The gifts that Craven had as a storyteller would not be acknowledged here, as this film made the least of the entire series. There is little accounting for taste or reaching beyond the same old stuff.
Written and Directed by Wes Craven Starring Robert Englund, Heather Langenkamp, Miko Hughes, John Saxon, Wes Craven, David Newsom, Fran Bennett, Robert Shaye, Lin Shaye, W. Earl Brown
There was a time when I thought this is hands down the best film in what is kind of a sorry series built on an intriguing premise. The first film is now thought of as a classic, worts and all. The third film, The Dream Warriors found its first hero, Nancy (Langenkamp) back helping Patricia Arquette, Lawrence (then Larry) Fishburne and Craig Wasson in an heroic teacher capacity. It’s pretty good too, despite itself. The rest, to this viewer were pretty much dreck, with Freddy going from villain to anti-hero to horrible comedian. Each film had the recipe for greatness, but decided to fall back on camp and kids that rolled off of the young actor / model assembly line and into pieces at the feet of Freddy Krueger.
Wes Craven’s New Nightmare took the concept of these poor horror film and folded it in on itself. The result starts off as interesting as anything the director / writer ever attempted. Bringing back several of the actors who instead of playing characters instead played themselves, we see them falling one by one to a malevolence that had been captured in the film and now wants to get out.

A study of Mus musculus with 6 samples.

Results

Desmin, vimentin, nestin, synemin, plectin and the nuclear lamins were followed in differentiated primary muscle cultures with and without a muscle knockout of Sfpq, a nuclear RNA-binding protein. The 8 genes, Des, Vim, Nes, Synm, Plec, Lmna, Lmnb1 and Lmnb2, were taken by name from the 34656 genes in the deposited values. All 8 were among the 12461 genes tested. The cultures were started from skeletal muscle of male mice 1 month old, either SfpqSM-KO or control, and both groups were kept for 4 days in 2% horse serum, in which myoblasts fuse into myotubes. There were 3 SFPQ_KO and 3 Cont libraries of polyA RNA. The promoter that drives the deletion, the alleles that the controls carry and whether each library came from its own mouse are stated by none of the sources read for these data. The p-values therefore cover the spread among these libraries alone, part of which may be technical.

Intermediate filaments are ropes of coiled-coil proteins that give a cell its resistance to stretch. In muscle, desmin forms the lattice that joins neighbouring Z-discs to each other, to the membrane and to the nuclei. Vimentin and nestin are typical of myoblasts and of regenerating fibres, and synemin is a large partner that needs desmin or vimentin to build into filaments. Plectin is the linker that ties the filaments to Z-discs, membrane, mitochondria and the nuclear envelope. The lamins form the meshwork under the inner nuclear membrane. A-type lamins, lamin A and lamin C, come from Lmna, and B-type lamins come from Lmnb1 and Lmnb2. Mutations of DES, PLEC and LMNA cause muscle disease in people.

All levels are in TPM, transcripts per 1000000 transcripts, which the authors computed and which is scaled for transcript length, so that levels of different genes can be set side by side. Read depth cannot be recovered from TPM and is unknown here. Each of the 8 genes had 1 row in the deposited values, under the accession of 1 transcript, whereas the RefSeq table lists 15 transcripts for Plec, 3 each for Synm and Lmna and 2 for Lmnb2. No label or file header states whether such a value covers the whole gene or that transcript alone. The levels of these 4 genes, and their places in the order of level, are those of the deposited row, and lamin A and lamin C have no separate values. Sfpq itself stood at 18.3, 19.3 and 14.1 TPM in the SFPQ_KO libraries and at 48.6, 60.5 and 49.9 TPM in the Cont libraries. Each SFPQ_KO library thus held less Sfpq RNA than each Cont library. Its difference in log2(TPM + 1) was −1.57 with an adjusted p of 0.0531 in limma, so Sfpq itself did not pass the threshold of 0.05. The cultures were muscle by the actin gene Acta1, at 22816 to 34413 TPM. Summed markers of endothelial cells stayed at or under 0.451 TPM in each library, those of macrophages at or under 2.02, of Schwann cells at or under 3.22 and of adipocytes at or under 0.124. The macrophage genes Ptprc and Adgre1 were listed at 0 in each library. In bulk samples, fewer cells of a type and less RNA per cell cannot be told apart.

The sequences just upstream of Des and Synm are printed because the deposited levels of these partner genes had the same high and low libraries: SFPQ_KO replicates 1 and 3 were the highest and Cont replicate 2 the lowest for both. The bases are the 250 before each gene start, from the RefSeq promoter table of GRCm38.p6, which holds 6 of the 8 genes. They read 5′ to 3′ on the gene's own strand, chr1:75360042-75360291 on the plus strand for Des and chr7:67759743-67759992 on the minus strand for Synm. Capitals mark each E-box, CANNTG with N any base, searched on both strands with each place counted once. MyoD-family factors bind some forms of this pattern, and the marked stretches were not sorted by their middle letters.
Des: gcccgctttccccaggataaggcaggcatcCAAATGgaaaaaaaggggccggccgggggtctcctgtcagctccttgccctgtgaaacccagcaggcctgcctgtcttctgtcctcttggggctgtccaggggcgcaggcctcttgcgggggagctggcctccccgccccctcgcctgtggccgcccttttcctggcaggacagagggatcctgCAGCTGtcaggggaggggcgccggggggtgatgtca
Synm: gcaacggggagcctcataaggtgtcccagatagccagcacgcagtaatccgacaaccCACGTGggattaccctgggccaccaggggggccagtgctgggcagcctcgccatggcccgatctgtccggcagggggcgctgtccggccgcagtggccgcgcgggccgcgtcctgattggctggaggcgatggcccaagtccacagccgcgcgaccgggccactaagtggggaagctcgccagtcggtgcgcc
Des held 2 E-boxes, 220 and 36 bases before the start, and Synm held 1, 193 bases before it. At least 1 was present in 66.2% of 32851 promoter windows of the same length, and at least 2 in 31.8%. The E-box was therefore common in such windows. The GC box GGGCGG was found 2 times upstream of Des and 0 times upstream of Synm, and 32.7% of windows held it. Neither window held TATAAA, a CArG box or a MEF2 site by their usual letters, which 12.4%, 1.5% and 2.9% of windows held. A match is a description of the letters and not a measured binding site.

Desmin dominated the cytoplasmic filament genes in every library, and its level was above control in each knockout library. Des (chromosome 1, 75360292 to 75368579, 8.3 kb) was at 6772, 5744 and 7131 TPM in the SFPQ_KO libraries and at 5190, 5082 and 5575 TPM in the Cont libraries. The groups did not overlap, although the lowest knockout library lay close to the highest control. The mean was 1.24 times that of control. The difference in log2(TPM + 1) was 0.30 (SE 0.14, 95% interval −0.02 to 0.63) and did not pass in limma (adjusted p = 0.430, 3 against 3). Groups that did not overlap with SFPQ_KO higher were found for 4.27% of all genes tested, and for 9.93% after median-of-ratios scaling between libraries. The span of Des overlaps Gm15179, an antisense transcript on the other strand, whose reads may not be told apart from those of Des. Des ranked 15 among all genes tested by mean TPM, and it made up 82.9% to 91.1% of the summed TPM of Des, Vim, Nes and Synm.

Langenkamp plays herself this time, married to a special effects coordinator (Newsom) with one small child named Dylan (Hughes). Heather has been having nightmares lately. She’s also getting prank phone calls (prelude to Scream) and letters giving her messages. If these clues aren’t enough, she starts to see the dreams manifest themselves into real life. Her son starts to show signs of mental illness. Her co-stars give cryptic answers when she asks on their experiences. Even director Craven feeds into her challenges by revealing that he’s been haunted by dreams and is writing them out in script form. His theory: capture the force of Freddy in a story, then the problem disappears.
If that were what they tried to do, this may have been a classic. Even though I enjoyed it much the first time I saw it a quarter century ago, it’s clear by the third act that the only thing they can think to do is to push the story into a studio lot dressed up as a dreamscape and have Freddy’s menace unleashed much like it is in the other films. The jokes are kept to a minimum, which is good. It doesn’t help the feeling of deja vu by the time it’s time for Freddy to say good night.
This film is still one of the more likable films in the series. Langenkamp feels less realistic playing herself than she did playing Nancy. She’s outdone by Englund, Robert Shaye and Craven as people who can’t act as themselves. Poor Miko Hughes. First he’s in Pet Sematary, then this and finally Spawn. It’s a surprise he didn’t end up with serious issues that can afflict child actors.
It’s easy to appreciate what Craven is doing here. If he had another, better screenwriter to help round out the edges of his imagination, this could have been everything he intended. Instead, what we get is another slasher film with an semi-ambiguous ending meant to sate the filmgoer into feeling their time hasn’t been wasted, because look, the darker version of Freddy is gone once and for all. Or until the next couple Friday The 13th films come around. The gifts that Craven had as a storyteller would not be acknowledged here, as this film made the least of the entire series. There is little accounting for taste or reaching beyond the same old stuff.
(***1/2 out of *****)
From the original Ebert review:
“I haven’t been exactly a fan of the “Nightmare” series, but I found this movie, with its unsettling questions about the effect of horror on those who create it, strangely intriguing.”